Free: 10 Things the Best Law-Firm Website Designs Have in Common
For seven years, Lawyerist has published an annual list of the best law firm websites. Now, you can find out what they have in common.
Providing excellent service to your clients is the best law firm marketing there is. Unfortunately, too many law firms do not provide quality client service. At least not the kind of service that clients want.
So what is excellent client service and how do you provide it? Here are some thoughts from people that know what they’re talking about:
So what is outstanding service? Here are the five fingers on the hand: incredible responsiveness, accessibility, excellent communication in the manner the client has pre-selected, a thorough understanding of the client’s world, goals and business and the personalization of the service. I like to call this last one “value added services.” Clients will not complain about hourly rates, or look to find a new firm if these items are all in place and you as their lawyer are constantly looking for ways to deliver value to them beyond the legal services being delivered.
Success is a byproduct of great client service and genuine concern about the clients’ well-being, not the other way around.
12 Rules of Client Service:
- Represent only clients you like.
- The client is the main event.
- Make sure everyone in your firm knows the client is the main event.
- Deliver legal work that changes the way clients think about lawyers.
- Over-communicate: bombard, copy and confirm.
- When you work, you are marketing.
- Know the client.
- Think like the client–help control costs.
- Be there for clients–24/7.
- Be accurate, thorough and timely–but not perfect.
- Treat each co-worker like he or she is your best client.
- Have fun.
The law is a service profession. We sell our time and effort to clients who require them. Here’s a radical notion: make the effort to be a better lawyer, provide better client service, fulfill your clients needs. Do so at a cost commensurate with your benefit.
Being a cheap lawyer makes you, well, cheap. Providing value makes you valuable to your clients. Give your clients everything you’ve got. Whether it’s a big case or a really itty-bitty case, treat every client as if he’s your only client. All aspects of excellent client service must be part of the experience that you provide every client.
No, every client will not be thrilled, no matter what you do. Outcomes remain problematic, since they are outside your control. But your clients will know that you’ve done both everything you can, and that your work was superlative, even if the outcome is ugly. It’s all we can do, but it’s what we must do.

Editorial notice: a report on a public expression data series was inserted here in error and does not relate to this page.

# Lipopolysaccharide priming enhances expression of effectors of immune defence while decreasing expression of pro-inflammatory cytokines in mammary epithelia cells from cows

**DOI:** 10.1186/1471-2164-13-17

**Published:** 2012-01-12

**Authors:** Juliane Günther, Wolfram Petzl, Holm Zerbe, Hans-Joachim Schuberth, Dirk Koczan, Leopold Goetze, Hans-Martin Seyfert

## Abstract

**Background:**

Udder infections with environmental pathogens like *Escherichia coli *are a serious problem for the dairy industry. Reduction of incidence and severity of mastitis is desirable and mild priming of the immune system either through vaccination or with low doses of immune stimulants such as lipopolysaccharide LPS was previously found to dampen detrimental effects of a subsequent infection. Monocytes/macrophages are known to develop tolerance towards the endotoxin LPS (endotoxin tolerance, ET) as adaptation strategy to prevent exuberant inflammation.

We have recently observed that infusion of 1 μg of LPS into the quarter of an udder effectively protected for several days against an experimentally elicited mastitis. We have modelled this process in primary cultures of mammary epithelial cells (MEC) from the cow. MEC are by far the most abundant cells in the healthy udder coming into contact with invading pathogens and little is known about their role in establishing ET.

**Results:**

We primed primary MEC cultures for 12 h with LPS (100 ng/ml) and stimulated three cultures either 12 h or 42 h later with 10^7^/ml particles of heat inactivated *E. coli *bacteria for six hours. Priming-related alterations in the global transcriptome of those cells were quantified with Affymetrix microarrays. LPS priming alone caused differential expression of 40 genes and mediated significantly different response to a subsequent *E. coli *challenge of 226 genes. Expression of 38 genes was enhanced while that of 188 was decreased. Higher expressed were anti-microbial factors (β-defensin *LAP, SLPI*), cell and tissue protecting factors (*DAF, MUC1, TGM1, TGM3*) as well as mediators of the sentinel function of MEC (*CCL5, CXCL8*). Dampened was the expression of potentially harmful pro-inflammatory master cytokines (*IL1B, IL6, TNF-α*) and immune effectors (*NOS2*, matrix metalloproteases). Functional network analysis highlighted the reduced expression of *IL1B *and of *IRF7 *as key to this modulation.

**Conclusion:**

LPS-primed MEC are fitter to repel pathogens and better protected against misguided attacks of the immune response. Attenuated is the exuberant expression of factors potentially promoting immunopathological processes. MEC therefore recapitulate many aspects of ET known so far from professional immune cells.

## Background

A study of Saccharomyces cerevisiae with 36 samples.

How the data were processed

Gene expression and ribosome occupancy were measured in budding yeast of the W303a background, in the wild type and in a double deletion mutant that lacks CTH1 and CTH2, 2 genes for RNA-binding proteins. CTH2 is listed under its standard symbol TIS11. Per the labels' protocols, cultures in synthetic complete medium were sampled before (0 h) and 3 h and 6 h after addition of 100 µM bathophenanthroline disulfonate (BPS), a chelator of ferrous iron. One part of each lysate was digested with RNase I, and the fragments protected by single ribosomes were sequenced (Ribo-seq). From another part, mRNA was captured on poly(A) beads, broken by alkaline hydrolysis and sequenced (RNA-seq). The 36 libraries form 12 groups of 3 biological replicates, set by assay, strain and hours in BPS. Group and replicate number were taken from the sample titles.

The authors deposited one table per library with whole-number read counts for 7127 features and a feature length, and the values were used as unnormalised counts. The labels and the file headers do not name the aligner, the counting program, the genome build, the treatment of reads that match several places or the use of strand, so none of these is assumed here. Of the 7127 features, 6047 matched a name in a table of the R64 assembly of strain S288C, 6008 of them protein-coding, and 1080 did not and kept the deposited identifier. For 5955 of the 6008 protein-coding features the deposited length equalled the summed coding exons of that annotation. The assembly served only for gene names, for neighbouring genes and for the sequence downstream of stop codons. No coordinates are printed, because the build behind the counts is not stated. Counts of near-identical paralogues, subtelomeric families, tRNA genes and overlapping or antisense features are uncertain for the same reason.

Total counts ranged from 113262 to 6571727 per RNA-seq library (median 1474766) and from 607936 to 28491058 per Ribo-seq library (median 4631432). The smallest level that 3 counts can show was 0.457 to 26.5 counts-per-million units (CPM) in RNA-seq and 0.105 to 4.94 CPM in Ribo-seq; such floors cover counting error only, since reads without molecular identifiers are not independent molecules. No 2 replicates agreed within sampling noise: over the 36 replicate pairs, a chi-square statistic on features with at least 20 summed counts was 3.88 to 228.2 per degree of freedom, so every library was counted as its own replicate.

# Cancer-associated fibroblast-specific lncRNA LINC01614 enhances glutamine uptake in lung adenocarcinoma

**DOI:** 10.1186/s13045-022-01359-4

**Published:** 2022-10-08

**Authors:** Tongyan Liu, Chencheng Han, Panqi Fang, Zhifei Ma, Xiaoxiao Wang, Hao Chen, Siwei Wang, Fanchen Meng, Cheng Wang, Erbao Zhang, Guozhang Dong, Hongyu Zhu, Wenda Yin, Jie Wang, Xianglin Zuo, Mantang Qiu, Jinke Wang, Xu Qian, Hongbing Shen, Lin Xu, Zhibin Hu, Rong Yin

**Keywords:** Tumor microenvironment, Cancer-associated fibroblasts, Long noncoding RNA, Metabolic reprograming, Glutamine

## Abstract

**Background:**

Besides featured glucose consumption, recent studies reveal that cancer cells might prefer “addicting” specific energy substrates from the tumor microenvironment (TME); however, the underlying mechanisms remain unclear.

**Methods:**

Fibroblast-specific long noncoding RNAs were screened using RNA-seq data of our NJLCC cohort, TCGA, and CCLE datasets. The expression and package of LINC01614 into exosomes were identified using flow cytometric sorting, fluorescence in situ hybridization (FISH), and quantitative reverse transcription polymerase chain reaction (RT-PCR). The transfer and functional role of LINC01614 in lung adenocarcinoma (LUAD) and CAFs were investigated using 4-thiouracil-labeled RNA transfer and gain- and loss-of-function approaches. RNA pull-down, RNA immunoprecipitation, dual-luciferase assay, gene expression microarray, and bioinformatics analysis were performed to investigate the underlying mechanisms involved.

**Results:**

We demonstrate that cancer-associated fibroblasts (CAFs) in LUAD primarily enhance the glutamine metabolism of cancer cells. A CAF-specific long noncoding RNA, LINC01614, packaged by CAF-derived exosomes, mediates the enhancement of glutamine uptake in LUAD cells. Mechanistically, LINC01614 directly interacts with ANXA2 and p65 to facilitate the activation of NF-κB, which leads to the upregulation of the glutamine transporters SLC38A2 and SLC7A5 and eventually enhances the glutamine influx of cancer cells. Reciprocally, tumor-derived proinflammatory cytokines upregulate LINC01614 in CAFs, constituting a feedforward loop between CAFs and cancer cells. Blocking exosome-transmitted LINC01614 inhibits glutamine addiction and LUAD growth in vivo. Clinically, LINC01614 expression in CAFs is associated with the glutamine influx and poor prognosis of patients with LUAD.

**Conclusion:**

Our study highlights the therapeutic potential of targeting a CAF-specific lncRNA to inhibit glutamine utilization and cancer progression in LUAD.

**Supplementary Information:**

For some lawyers, particularly new solos, serving clients isn’t as much of a problem as figuring out how to avoid falling into what I have termed “the paradox of client service,” the fact that we serve clients, but they are not our masters. In the early years of my practice, I felt this tension between feeling like I’m a slave to my client while trying to stay in charge. Originally, I chalked it up to a my personality, but now I wonder whether many new lawyers are predisposed to becoming slaves to clients because that’s the role we play in law school (performing on command to the Socratic method) and at firms.
- Have them at hello – First impressions carry outsize importance because of how memory works.
- Hire sweethearts – Evaluate your hires’ client service skills before their job skills.
- Be great on the phone – As soon as the telephone rings three times, you are beginning to build distrust in your callers.
- Keep them pumped – Consistent service is, by definition, repetitious. Do the right thing. Then do it again, ad infinitum.
- Quantify their love – Make time to to track and analyze client feedback.
- Make it right – resolving client complaints is among the best ways to earn loyalty.
- Have them at goodbye – Make sure the last moment they are with you is not paying you. What you want them to remember is how much you value and appreciate them as a client.
To me, providing excellent service has to be a culture, a way of doing things. It has to be such a part of everything that you do that it’s habitual, reflexive, and instinctual. And even thought it ought to be second-nature, it should also be analyzed, consciously reflected upon, and not taken for granted. Providing excellent service is part talent, part experience, and largely commitment.
What does providing excellent client service mean to you? Are clients, both your own and those of other, receiving excellent service from the legal profession? What have you found helps you to provide the best service that you can?